Directed by the same person who did Enemy of the State, it has some familiar looks and feel of the other movie, but stands out on its own. It is a fast-paced movie, which takes place in both the past and present, in the U.S. and abroad and chronicles the relationship between cynical Master Operative Nathan Muir (Robert Redford) and his idealistic pupil Tom Bishop (Brad Pitt). The film opens in 1991 where Bishop is captured conducting an unofficial rescue operation in a Chinese prison. The rest of the movie is centered on the Agency's effort to disconnect themselves from Bishop and his execution that will occur in 24 hours.
The CIA has the means and resources to get Bishop out of the situation, but chooses not to because it could imperil Sino-American trade talks. It seems the top dogs in the posh conference room are ready to write Bishop off, but his friend and one-time mentor, Nathan Muir doesn't want that to happen. However, it is Muir's last day with the Agency and he doesn't know if he will have the time or the assets to stay Bishop's execution or sway his colleagues to intervene. As if time weren't a factor, the new order of younger, more by-the-book types that are in charge aren't too enamored with him, and feel that he isn't being truthful about Bishop's history.
The way the story is told is different and interesting, mainly from Muir's point of view as flashbacks to the various times and places he and Bishop were together: the Vietnam war, where they meet, 1970's Berlin where they do some of their first work together, and mid-1980's Beirut where they part. The tale is told at a hurried pace, which is good, as it doesn't leave much room for boredom (the film is a little over 2 hours long and it fits in a lot of information) and keeps the tautness of a spy thriller.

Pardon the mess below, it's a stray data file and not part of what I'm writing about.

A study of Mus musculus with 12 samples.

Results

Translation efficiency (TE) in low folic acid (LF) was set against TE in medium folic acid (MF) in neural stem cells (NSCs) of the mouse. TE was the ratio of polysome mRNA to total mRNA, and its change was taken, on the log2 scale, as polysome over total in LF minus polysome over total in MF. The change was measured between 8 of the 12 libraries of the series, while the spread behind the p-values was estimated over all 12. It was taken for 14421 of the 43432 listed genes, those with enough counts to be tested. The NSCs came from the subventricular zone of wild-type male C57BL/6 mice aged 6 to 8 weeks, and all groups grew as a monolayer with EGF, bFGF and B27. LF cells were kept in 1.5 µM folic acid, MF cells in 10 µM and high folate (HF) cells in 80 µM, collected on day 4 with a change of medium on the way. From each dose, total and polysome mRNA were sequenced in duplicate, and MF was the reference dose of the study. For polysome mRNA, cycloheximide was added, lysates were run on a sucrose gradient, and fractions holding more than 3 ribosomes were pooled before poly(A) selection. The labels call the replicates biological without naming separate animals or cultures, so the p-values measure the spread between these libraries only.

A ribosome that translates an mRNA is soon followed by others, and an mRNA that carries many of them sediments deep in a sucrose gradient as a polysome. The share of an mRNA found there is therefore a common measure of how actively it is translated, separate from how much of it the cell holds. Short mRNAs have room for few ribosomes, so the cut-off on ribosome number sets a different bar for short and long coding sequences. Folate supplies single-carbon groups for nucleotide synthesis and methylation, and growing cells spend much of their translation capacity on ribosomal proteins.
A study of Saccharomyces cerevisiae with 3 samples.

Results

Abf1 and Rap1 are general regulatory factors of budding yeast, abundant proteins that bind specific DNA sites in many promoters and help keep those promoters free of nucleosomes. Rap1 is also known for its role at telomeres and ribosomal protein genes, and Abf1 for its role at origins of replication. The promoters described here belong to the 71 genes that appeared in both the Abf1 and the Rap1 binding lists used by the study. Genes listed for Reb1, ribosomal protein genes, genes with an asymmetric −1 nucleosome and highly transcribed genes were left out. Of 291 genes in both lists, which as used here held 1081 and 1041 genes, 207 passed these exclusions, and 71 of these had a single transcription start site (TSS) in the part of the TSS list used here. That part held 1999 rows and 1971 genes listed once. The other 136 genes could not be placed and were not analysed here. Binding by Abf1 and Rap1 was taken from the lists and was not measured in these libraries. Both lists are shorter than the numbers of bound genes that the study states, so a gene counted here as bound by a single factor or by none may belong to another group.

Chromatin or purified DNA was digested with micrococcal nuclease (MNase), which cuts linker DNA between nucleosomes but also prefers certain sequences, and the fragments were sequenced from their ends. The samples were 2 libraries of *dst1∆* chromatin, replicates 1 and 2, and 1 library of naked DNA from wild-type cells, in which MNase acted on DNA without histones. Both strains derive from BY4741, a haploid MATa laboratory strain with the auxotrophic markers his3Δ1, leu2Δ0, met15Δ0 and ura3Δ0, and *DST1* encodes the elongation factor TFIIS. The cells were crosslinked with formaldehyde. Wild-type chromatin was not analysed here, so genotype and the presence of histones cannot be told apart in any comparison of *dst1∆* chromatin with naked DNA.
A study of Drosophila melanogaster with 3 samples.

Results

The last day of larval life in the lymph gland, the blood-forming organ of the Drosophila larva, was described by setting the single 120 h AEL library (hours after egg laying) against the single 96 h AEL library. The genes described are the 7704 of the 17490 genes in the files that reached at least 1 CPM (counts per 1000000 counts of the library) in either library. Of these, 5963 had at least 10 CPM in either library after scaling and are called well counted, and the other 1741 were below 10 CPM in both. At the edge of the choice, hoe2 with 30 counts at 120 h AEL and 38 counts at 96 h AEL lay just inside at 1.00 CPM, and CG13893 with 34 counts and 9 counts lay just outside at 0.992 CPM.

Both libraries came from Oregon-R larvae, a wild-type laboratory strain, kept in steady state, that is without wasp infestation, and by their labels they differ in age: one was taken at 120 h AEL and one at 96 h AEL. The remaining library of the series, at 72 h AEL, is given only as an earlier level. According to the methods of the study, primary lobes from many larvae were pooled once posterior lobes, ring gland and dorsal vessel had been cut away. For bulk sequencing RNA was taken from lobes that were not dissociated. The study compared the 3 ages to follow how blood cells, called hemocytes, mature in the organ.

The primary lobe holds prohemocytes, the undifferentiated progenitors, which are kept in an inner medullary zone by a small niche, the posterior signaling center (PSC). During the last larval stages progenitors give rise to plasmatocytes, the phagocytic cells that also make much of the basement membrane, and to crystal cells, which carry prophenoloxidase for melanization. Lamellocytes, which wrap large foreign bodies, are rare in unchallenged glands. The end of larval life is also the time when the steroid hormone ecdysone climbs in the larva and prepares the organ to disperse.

What I really liked about Spy Game was the cast. The smooth, suave, and almost Bond-like Redford was a perfect fit for this role. Brad Pitt was did well holding his own next to Redford, lesser capable actors would have been eclipsed by such a legend. However, Pitt's role just seemed more of a plot mechanism for Redford. There was not enough character development for his character, and we don't know what motivates Muir to risk everything to save him. We get some idea at the end, but nothing conclusive about his character is really cultivated. Of course, there were some other things that came up short in the movie, such as the amount of information that the audience had to absorb. If you went to the bathroom or for popcorn, you may have missed something crucial. Also, you if you have a short attention span, this movie, at its 2-hour length, would have lost you. Although the locations were authentic, neither Redford nor Pitt aged over the course of the movie. They looked as young in 1991 as they did in Vietnam (perhaps a perk of working for CIA), so suspension of disbelief will be required to a small degree.
This was a good movie, and you'll like the ending. You may leave the theater wondering if the means justified the ends or how can the CIA upper brass be so cruel as to abandon one of their own. Or you may just leave the theater enjoying a good movie. I know I did.